Twilight of the Trump: Closing In

There are reports that Mueller will be seeking an interview with Trump soon. There also are reports that Trump’s lawyers are trying to stop that from happening.

President Donald Trump has repeatedly said he would testify under oath about possible collusion between the Trump campaign and Russia during the 2016 presidential election. But now it looks like Trump’s lawyers are worried about a potential interview with special counsel Robert Mueller — and are seeking ways to avoid it.

NBC News reports that Trump’s attorneys are in initial talks with federal investigators about how a possible interview might take place. Trump’s lawyers have suggested the president could provide written answers to Mueller’s questions instead of sitting down face-to-face with Mueller’s team. They’ve also floated the idea of not having the president take part in the interview at all. The Washington Post also reports that a Trump-Mueller interview could take place within weeks.

But legal experts I spoke to doubt Mueller would settle for anything less than a sit-down with Trump. “I highly doubt that Mueller will accept written questions and answers,” Renato Mariotti, who served as a federal prosecutor from 2007 to 2016, told me in an interview. “Prosecutors are interested in a subject’s responses to detailed lines of questioning without the opportunity to have lawyers carefully craft their client’s answer.”

Heh. In other news, Jonathan Swan at Axios reports that Trump spends most of his days watching television and tweeting.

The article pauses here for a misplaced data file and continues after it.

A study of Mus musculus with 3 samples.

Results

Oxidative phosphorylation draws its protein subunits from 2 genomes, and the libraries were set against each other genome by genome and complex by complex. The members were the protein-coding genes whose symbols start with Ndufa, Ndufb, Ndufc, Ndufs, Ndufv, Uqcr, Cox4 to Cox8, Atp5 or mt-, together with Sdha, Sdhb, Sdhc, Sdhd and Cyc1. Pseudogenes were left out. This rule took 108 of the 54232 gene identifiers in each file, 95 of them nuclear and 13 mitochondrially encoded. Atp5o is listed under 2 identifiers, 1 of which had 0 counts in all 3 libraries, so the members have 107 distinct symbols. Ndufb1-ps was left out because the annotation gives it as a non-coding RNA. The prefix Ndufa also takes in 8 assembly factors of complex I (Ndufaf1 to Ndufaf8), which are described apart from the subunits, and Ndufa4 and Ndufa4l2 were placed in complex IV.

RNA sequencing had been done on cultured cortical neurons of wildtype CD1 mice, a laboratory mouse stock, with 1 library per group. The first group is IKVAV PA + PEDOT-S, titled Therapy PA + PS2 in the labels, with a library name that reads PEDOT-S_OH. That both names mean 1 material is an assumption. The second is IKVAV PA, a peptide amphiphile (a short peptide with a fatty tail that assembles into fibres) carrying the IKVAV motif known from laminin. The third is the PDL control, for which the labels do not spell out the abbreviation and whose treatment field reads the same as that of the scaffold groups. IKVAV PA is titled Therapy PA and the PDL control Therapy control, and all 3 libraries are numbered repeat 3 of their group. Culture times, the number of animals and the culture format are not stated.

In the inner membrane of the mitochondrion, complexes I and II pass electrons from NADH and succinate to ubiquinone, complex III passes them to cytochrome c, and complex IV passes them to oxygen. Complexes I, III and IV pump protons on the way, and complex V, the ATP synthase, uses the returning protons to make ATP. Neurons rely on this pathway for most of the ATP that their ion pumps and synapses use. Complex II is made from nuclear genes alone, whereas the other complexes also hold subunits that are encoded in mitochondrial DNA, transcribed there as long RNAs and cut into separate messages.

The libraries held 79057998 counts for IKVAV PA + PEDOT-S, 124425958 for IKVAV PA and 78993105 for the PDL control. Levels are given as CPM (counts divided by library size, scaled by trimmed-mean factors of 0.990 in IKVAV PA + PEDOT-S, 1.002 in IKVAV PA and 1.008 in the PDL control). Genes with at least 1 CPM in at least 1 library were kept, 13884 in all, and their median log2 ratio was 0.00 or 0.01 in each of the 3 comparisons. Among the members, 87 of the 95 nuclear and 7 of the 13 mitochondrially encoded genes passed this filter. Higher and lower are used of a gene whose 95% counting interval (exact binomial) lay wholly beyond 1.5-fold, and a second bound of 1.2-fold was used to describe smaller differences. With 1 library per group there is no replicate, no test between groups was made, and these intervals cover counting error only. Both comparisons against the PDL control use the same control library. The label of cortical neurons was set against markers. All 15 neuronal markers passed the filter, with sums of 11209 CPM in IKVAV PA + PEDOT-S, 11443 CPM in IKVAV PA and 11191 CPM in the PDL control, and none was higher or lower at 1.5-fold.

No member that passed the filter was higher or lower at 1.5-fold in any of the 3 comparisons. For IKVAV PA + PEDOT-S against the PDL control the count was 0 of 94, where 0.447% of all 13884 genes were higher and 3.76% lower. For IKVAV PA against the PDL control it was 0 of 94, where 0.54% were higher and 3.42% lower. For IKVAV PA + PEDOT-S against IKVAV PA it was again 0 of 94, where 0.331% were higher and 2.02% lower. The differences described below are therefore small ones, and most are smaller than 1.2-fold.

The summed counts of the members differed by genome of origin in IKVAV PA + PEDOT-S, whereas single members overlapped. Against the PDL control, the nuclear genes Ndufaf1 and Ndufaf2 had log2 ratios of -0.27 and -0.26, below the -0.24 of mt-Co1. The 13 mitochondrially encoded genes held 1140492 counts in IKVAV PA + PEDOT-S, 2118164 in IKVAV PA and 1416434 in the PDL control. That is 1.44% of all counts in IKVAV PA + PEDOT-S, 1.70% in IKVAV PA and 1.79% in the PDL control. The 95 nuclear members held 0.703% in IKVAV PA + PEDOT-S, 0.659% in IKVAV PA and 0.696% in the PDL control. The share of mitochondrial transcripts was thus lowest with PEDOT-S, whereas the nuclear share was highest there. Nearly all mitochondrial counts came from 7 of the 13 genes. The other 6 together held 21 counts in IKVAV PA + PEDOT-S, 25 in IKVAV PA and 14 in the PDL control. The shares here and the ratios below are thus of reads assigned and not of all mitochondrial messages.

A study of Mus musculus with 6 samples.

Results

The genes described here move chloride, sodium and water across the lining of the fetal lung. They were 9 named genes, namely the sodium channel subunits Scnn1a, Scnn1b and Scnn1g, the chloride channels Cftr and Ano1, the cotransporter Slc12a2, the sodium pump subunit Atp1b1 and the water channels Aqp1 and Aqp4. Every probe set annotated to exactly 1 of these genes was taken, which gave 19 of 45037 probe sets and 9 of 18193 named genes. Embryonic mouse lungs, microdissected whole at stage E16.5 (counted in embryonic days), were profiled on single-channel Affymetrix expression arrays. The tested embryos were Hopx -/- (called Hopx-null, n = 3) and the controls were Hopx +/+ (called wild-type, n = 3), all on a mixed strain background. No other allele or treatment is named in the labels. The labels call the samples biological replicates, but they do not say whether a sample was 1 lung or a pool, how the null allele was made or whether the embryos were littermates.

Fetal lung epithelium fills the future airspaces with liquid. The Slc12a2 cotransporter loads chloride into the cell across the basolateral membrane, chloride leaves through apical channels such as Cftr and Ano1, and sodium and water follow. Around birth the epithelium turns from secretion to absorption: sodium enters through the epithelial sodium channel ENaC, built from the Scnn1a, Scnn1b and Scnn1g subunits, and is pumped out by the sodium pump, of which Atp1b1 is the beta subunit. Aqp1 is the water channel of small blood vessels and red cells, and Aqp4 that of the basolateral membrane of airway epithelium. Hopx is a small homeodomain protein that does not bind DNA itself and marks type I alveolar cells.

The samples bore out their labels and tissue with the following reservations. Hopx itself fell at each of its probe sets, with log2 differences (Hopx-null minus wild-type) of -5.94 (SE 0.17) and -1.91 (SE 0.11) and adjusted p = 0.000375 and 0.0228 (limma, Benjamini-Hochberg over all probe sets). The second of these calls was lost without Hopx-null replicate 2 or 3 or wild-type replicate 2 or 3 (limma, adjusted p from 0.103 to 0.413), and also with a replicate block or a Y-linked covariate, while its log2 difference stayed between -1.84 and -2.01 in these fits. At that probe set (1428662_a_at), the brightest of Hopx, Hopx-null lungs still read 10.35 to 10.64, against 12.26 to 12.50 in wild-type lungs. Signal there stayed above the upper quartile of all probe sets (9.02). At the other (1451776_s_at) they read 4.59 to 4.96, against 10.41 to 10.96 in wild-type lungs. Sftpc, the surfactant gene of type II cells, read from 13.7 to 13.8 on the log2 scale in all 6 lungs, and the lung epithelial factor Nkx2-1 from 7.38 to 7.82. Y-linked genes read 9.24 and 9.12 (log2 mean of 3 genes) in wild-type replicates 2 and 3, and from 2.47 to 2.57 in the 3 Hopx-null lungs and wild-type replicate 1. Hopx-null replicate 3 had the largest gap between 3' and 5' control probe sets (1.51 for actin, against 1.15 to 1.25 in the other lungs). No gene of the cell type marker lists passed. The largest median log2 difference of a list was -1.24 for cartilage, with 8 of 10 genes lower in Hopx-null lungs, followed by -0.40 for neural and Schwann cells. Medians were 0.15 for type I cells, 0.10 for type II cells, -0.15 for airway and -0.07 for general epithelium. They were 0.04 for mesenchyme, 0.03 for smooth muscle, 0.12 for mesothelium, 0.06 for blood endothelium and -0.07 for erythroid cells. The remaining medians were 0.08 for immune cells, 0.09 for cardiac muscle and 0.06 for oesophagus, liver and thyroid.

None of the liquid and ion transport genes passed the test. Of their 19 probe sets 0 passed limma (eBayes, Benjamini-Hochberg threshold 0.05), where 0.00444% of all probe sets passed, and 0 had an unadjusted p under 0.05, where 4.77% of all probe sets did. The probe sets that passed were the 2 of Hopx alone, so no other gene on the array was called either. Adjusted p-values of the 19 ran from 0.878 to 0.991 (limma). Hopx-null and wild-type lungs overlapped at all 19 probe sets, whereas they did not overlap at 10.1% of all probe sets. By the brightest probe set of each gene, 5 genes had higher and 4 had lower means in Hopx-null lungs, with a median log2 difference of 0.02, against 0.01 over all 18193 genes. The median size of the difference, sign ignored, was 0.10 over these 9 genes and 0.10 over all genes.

President Trump is starting his official day much later than he did in the early days of his presidency, often around 11am, and holding far fewer meetings, according to copies of his private schedule shown to Axios. This is largely to meet Trump’s demands for more “Executive Time,” which almost always means TV and Twitter time alone in the residence, officials tell us. …

… Trump’s days in the Oval Office are relatively short – from around 11am to 6pm, then he’s back to the residence. During that time he usually has a meeting or two, but spends a good deal of time making phone calls and watching cable news in the dining room adjoining the Oval. Then he’s back to the residence for more phone calls and more TV.

The 11-to-6 schedule is not exactly jam-packed.

On Tuesday, Trump has his first meeting of the day with Chief of Staff John Kelly at 11am. He then has “Executive Time” for an hour followed by an hour lunch in the private dining room. Then it’s another 1 hour 15 minutes of “Executive Time” followed by a 45 minute meeting with National Security Adviser H.R. McMaster. Then another 15 minutes of “Executive Time” before Trump takes his last meeting of the day — a 3:45pm meeting with the head of Presidential Personnel Johnny DeStefano — before ending his official day at 4:15pm.

This is fairly typical, Swan says. So he has an official five-hour workday, during which time he has to sit through three meetings in between lunch and yelling at the TeeVee.

Basically, no one is doing the job of president of the U.S. In his case, that may be just as well. Steve M points out that very often stuff Trump says about his policies and the policies his officials present to Congress and the public bear no resemblance to each other. The officials appear to be working around him.

Ross Douthat believes that White House staff are (barely) keeping the government together. And he asks, “Can the people who surround Donald Trump work around his incapacity successfully enough to keep his unfitness from producing a historic calamity?” I repeat, this is Ross Douthat, people.

I could be wrong, but I’m predicting Trump’s presidency won’t survive the year.